Someone once said that the best way to predict the future is to invent it.

Someone once said that the best way to predict the future is to invent it. So how does this sound? You leave your attractive but affordable condo in Dentville and cycle along a tree-lined bike corridor to your high-paying job at the biotech lab downtown.

After work, you and your significant other meet at the South Asian Fusion restaurant on Cleveland Avenue for dinner, and then attend the gala opening of the West Coast artists' gallery on Second Avenue.

As much as this scenario has all the appearances of a pipe dream, it could become a reality if we buy into Smart Growth on the Ground, a plan that was generated by delegates from this community in collaboration with various expert urban planners. It is being touted as "a compelling long-term vision of what smarter, more sustainable development could look like in Squamish."

Although it is not a regulatory document, numerous zoning bylaw amendments have been suggested to ensure its success.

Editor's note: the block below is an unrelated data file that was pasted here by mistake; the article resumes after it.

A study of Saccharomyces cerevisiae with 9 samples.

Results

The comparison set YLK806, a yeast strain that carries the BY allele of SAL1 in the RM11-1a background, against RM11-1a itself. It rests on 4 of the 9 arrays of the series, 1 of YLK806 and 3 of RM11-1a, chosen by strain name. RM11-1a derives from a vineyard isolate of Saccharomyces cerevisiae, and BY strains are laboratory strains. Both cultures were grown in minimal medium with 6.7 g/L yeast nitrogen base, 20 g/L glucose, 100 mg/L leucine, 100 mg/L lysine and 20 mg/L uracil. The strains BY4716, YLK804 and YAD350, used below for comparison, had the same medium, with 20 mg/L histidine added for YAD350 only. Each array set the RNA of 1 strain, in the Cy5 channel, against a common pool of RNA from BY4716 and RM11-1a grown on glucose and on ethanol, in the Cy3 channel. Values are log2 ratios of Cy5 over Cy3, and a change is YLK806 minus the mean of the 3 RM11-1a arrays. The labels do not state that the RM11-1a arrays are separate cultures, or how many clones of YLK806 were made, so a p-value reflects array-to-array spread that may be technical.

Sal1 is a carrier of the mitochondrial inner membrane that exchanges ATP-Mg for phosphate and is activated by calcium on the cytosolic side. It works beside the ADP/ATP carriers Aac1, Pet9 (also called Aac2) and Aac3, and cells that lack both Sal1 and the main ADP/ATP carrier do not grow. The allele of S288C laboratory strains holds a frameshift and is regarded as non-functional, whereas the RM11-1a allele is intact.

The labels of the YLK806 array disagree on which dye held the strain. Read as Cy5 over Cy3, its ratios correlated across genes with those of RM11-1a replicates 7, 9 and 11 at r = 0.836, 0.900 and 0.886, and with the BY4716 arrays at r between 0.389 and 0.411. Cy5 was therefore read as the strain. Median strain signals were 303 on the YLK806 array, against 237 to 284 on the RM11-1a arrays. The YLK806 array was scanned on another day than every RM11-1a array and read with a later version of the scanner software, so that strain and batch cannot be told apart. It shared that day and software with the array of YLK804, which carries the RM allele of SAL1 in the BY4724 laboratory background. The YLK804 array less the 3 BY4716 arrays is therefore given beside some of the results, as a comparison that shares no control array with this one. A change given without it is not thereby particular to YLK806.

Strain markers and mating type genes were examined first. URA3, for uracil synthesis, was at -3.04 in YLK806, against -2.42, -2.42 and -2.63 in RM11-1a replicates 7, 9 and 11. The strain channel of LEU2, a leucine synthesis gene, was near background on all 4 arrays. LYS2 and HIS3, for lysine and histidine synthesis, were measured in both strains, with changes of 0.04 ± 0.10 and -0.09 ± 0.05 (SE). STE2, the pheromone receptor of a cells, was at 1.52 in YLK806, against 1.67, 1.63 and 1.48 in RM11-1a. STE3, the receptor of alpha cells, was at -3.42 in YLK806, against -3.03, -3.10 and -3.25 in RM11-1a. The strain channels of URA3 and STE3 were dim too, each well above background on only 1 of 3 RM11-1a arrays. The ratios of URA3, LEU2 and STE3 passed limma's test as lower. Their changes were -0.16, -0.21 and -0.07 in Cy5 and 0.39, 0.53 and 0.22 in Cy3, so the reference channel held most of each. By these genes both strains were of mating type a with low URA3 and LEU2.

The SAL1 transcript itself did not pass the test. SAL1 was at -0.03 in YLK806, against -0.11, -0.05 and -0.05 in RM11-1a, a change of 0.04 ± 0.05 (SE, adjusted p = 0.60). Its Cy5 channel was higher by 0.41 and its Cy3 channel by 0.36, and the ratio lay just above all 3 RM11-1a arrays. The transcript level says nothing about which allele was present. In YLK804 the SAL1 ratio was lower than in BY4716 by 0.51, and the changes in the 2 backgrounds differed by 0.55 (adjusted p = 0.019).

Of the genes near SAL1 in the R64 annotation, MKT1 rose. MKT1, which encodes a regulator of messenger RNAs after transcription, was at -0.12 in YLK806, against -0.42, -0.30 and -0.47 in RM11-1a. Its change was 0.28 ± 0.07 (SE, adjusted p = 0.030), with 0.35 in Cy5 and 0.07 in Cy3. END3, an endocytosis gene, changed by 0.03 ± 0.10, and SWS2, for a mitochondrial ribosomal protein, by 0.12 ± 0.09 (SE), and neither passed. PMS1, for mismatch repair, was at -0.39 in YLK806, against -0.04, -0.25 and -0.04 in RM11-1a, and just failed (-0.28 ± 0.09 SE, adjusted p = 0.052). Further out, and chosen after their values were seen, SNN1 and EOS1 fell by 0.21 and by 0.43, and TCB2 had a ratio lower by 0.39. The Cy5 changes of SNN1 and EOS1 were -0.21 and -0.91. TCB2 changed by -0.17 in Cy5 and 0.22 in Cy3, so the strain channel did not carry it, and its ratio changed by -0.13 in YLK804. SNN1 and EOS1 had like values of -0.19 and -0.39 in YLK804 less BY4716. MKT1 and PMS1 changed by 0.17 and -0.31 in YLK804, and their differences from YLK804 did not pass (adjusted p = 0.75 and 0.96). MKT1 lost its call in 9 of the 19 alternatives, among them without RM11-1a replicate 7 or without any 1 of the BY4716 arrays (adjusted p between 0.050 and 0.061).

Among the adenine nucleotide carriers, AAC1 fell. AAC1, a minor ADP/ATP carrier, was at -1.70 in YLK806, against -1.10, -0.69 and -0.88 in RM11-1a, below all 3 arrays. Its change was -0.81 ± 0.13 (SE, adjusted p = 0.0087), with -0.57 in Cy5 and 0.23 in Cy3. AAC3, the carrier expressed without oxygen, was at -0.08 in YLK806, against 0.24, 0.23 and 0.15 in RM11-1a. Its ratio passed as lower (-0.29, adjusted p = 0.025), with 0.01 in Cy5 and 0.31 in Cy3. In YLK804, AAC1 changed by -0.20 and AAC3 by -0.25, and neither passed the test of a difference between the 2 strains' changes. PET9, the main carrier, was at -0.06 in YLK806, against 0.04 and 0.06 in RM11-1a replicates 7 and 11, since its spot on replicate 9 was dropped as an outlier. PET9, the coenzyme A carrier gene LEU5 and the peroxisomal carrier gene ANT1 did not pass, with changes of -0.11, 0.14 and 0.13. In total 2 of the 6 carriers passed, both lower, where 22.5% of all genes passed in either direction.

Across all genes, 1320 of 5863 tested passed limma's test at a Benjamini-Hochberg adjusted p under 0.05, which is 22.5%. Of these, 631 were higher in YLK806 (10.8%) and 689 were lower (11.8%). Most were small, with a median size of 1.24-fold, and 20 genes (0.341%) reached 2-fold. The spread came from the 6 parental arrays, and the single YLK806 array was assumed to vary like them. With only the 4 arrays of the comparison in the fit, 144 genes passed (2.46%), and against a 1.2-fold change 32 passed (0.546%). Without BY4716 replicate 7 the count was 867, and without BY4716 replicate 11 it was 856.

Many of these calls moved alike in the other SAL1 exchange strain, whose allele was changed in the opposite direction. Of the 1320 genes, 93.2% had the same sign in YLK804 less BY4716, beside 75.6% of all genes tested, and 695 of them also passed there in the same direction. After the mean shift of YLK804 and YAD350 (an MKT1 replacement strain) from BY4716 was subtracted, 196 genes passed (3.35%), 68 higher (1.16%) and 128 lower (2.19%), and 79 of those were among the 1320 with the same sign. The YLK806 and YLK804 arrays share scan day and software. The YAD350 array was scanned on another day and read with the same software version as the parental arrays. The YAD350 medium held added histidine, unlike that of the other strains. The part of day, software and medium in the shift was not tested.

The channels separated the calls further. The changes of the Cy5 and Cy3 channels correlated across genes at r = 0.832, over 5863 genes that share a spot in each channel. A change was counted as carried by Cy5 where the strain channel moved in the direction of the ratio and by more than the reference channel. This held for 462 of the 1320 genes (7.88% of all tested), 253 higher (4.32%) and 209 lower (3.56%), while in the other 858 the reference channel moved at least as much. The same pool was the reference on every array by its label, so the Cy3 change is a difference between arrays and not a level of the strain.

Smart Growth foresees 4,500 new housing units downtown and promises "a compact, vibrant and attractive living environment." Extensive cycling and walking trails will be part of a "green network" that will work in harmony with the surrounding infrastructure.

Even more enticing is the anticipation of local high-paying jobs in the form of value-added industry, marine-based activity, green technology enterprises, tourism, and employment in civic and educational institutions.

On the surface, these proposals resemble similar "pie in the sky" plans to save the whales, eradicate disease, or ensure an end to war. They appear to be thick on promise, but thin on delivery.

To its detractors, the Smart Growth concept has all the earmarks of a dog-and-pony show trotted out at election time, when it is referred to in the kind of reverential tones usually associated with a passing comet.

After closer examination however, it is clear that this plan has substantial merit and demands our attention, because with a completion window of 25 years, the sense of urgency will be considerably reduced after the election.

Major components of the Smart Growth plan could easily disappear from the radar screen at Municipal Hall, where lofty principles are quickly subordinated to fiscal expediency.

What is the alternative? The urban sprawl and social unraveling of Greater Vancouver's commuter cities, with their rising crime rates, traffic gridlock and its accompanying road rage?

Those who believe it can't happen here need to extract their heads from the sand. The spectre of mindless development is heading to this former backwater at the top of Howe Sound and we'd better be prepared for it.

Smart Growth is a good place to start; let's keep our eyes on the prize.